SELF COMPASSION, MAUREEN COOPER, alison canavan be complete, life coach, minfulness coach, health coach, health and wellness, self help, new years resolutions, failed resolutions, self care.

      The trouble is when our resolutions start to slip we tend to start beating up on ourselves, and feeling bad.

      How we set about making New Year Resolutions

      There is nothing wrong with wanting to get the best out of ourselves, nor with using the beginning of a new year as a time for reflection on how we are living our lives. The thing is we tend to go about it in such a self-critical way.

      We look at everything we think is not working so well and then make a long to-do list of all the ways we want to change. Somehow we are surprised when it is overwhelming and we cannot keep it up. We feel as if we have failed in some way and are disappointed in ourselves.

      The thing is that we are much more likely to get the best from ourselves if we approach any changes we want to make with an attitude of self-appreciation and kindness. We can try and be a friend to ourselves, rather than behaving like our worst nightmare of an angry schoolteacher.

      Some suggestions on using self-compassion in making our resolutions

      1. Look to your strengths

      Think about the parts of your life that are on track and the things you do well and then think about a way you could take that a step further.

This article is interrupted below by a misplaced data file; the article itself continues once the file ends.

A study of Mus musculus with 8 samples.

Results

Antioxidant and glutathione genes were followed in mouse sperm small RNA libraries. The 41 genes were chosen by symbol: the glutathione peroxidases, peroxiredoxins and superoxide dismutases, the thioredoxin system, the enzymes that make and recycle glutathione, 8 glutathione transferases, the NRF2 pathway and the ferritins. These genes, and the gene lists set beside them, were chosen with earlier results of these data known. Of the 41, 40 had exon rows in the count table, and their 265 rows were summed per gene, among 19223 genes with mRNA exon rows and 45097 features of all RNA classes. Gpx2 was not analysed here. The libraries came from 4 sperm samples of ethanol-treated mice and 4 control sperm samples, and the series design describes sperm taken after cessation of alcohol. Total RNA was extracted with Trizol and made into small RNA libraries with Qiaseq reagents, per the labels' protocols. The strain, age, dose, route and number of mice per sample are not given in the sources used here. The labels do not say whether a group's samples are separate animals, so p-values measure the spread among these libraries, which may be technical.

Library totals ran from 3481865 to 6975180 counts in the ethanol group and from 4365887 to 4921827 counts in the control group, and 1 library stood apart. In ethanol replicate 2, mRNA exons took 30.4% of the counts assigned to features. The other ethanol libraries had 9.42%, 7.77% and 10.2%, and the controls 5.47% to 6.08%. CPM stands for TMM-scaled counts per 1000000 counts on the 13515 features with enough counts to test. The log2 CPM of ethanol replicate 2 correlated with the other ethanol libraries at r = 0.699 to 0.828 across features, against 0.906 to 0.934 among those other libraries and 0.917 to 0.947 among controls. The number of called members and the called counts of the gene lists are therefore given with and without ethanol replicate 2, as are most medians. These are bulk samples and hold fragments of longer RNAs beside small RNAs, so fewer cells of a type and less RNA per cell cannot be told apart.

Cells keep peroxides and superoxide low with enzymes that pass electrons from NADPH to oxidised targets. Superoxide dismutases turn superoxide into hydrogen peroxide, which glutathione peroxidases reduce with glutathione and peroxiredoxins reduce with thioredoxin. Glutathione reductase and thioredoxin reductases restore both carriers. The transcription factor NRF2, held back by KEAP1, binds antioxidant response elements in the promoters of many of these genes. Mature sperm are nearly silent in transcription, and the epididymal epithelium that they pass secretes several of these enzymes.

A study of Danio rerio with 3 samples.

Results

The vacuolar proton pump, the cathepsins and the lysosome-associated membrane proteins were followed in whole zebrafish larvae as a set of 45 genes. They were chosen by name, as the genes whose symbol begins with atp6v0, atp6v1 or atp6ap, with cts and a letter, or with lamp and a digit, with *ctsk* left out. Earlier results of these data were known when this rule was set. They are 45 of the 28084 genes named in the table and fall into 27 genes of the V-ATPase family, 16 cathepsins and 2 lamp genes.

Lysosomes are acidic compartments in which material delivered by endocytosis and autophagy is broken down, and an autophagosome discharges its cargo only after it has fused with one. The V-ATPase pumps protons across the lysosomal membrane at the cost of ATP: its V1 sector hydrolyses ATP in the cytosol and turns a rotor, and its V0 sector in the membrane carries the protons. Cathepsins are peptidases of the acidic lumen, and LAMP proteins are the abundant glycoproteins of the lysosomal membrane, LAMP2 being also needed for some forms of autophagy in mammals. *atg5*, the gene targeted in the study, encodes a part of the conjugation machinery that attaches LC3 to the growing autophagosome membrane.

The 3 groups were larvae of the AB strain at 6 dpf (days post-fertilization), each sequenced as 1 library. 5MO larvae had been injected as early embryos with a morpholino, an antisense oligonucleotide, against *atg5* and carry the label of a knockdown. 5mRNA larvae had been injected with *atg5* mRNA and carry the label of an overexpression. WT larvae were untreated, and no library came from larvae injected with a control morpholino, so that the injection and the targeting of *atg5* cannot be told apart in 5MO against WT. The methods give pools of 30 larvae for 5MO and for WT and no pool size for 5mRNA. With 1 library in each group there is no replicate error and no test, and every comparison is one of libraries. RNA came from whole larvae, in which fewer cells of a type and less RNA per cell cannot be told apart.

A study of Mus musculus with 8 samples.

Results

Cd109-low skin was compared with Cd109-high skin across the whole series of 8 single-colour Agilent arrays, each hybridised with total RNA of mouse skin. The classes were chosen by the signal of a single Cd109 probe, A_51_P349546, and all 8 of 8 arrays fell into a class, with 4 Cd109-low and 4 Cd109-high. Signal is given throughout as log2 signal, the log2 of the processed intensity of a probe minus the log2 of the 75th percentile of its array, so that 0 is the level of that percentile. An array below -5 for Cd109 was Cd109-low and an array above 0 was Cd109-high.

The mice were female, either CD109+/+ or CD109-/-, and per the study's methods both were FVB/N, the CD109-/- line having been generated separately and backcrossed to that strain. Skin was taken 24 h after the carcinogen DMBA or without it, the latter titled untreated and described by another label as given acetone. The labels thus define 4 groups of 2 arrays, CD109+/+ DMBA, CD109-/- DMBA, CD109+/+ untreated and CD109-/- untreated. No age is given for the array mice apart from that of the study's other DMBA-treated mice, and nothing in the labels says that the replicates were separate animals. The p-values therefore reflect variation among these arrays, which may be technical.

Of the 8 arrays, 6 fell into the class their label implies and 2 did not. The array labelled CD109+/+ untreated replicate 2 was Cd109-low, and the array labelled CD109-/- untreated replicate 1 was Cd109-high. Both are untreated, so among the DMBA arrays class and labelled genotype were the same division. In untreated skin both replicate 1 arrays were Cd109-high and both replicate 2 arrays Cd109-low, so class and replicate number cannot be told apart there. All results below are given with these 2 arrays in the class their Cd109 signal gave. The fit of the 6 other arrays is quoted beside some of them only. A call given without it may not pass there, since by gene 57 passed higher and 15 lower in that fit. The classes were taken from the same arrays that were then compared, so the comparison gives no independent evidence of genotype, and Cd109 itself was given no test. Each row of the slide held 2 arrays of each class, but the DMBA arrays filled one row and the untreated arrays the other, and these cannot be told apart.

For example: you might be good at your job but have an irritating relationship with a work colleague—your resolution could be to make them a cup of coffee whenever you can. You’ll be surprised how quickly they warm up to you and you will enjoy the good feeling of doing something for them.

      1. Choose the changes you want to make carefully

      When looking for where you want to change, choose something manageable. You can see from the picture above that ‘improving self’ is a big project, as is ‘save money’. Both are too big and too general.

      Even ‘more family time’ is asking a lot. Instead try to be specific—decide to call your mother twice a week; or decide to turn off all your individual screens (phone, tablet etc.) by 9pm in the evening in order to have quality time with your partner.

      1. Think of all the people

      who are trying to make positive changes in their lives and struggling with them just like you are. None of us is alone in trying to find the way to get the best out of ourselves and live a meaningful life.

      1. Allow yourself to get it wrong

      When you break a resolution, or find yourself slipping back into old habits instead of beating yourself up, try forgiving yourself. Focus on the effort you’ve been making and don’t give up on what you are trying to do just because you had a bit of a blip. Imagine a friend sharing with you how they are struggling with their resolution—how would you talk to them? Would you call them a looser? I doubt it. Try talking to yourself as you would a good friend. After all—if we cannot be a friend to ourselves, how can we be a good friend at all?

      Maureen Cooper is the author of The Compassionate Mind Approach to Reducing Stress. She combines more than thirty years of experience as a professional educator and senior manager in a non-profit organization with a hands-on education in Buddhism. In 2004 Maureen founded Awareness in Action, a consultancy dedicated to the secular application of mindfulness, meditation and compassion in the workplace.